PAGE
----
I am the father of two young boys, and I am concerned about their future.
For most of Western Civilization, males dominated society, but in the last 50 years, females have gained access to jobs and education historically reserved for males. Women not only performed as well as men, but in many situations, they outperformed them.
Today, more females are enrolled in college than males and more women are in the workforce than men. In the early 2000s, alarmists spoke of the decline of boys in education and the business world. Numerous books like The War Against Boys, Boys Adrift, and Save the Males, chronicle a dysfunctional boy’s culture and its impact on society. The recent recession reignited this discussion as men suffered greater layoffs than women, resulting in some commentators calling it a man-cession.
Statistics can be used to prove every aspect of the gender question: male decline, gender parity, or continuing female subjugation. Beyond the statistics, the cultural portrayal of young males is worrying. It’s become cliché to talk about the recent male graduate, living in his parent’s basement, playing videos games, eating pizza, and drinking beer. Digging deeper into our culture, where are model men in the media? From the harmlessness of the Bernstein Bears to the comedy of Ray Romano and silliness of Homer Simpson, fathers are portrayed as bumbling idiots.
The image of the deadbeat dad – childlike, lazy, and obsessed with fantasy football – is countered by super-mom – worker, caregiver, and husband-sitter – able to balance soccer games, board meetings, and making the perfect apple pie.
Are these archetypes descriptive, I hope not, or prescriptive? That is, do they represent reality or do these images help create reality? I am apprehensive over the latter. Society sets the standard so low for boys that they might not rise above mediocrity, or by promoting these subpar models of manhood, boys might think this behavior is acceptable.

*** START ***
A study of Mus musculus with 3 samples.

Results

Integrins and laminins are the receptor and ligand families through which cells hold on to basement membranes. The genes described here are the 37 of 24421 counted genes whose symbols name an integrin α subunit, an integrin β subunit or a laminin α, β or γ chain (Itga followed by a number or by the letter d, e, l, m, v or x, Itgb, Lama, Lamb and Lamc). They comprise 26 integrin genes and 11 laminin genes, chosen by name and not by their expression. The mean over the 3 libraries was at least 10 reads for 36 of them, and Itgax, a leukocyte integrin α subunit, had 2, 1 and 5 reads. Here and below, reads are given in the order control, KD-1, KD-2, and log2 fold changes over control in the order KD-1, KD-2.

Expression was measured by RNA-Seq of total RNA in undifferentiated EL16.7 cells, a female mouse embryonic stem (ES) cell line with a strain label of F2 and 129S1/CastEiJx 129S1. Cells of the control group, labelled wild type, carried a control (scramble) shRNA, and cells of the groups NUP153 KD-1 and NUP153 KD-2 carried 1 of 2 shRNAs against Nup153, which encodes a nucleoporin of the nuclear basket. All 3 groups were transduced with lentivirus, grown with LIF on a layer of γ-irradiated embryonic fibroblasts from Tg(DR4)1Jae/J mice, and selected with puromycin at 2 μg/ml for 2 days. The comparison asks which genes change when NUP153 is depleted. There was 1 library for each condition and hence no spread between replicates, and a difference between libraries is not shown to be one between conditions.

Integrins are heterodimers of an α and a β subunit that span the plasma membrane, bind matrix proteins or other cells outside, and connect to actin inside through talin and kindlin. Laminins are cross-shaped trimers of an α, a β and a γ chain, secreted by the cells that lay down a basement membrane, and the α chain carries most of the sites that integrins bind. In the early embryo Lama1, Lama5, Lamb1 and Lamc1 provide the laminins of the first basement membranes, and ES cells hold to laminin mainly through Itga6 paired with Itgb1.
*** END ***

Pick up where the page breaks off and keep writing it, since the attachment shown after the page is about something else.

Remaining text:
Beneath these images, true troubles exist in the culture of boys. Nearly universal exposure to pornography is destroying a generation of boys’ ability to properly interact with females. Altered by hours of perusing images of women, most boys view the opposite sex as objects for their gratification, not as individuals deserving love. Boys also appear to be more susceptible to new addictions, especially video games, and sadly many relate better to imagined realities than the real world. On the flip side, girls have the added motivation of centuries of adversity and countless media depictions of strong, young female characters. They have something to prove, but boys are lost in the midst of the modern world’s challenges.
Reflecting on the “crisis” of boys, I realized it’s not a crisis of boys but of men. Some, if not most, of boy activities are fitting for young individuals. Regrettably, males do not grow out of these activities. Is it more of a problem that boys play hours of video games or that men do the same? Girls will eventually drop their obsessions of Justin Bieber and Edward Cullen, but male fascination of sports heroes does not disappear; it only becomes most sophisticated. Are man caves really boy caves with beer replacing soda?
The missing process of male maturity is aided by the lack of real men. Media images, as mentioned above, reinforce the juvenile father figure. Real-life models are also in short supply. Today, a staggering 41 percent of children are born out of wedlock, and it increases to 53 percent for children born to mothers under 30. Where are the dads? It is a vicious cycle of men not being there for their sons, which then produces a new generation of sons with no positive male models.
Fortunately, I had a wonderful father, a model of selflessness and holiness, and after my wedding and move to Maryland, I gained a father-in-law with similar qualities. It’s my task to follow their examples and show my sons what it is to be a man.
Girls are statistically doing better than boys, but boys are doing fine. Girls are merely performing exceptionally. Much more importantly, girls are better at making the transition to adulthood. Contrarily, boyhood has been extended into the 20s and 30s, and just when you think a boy has become a man, a childish mid-life crisis rears its head.
For a man crisis to be averted, society needs to adjust its image of immature fathers, and real fathers need to start playing their role, providing an example for future generations.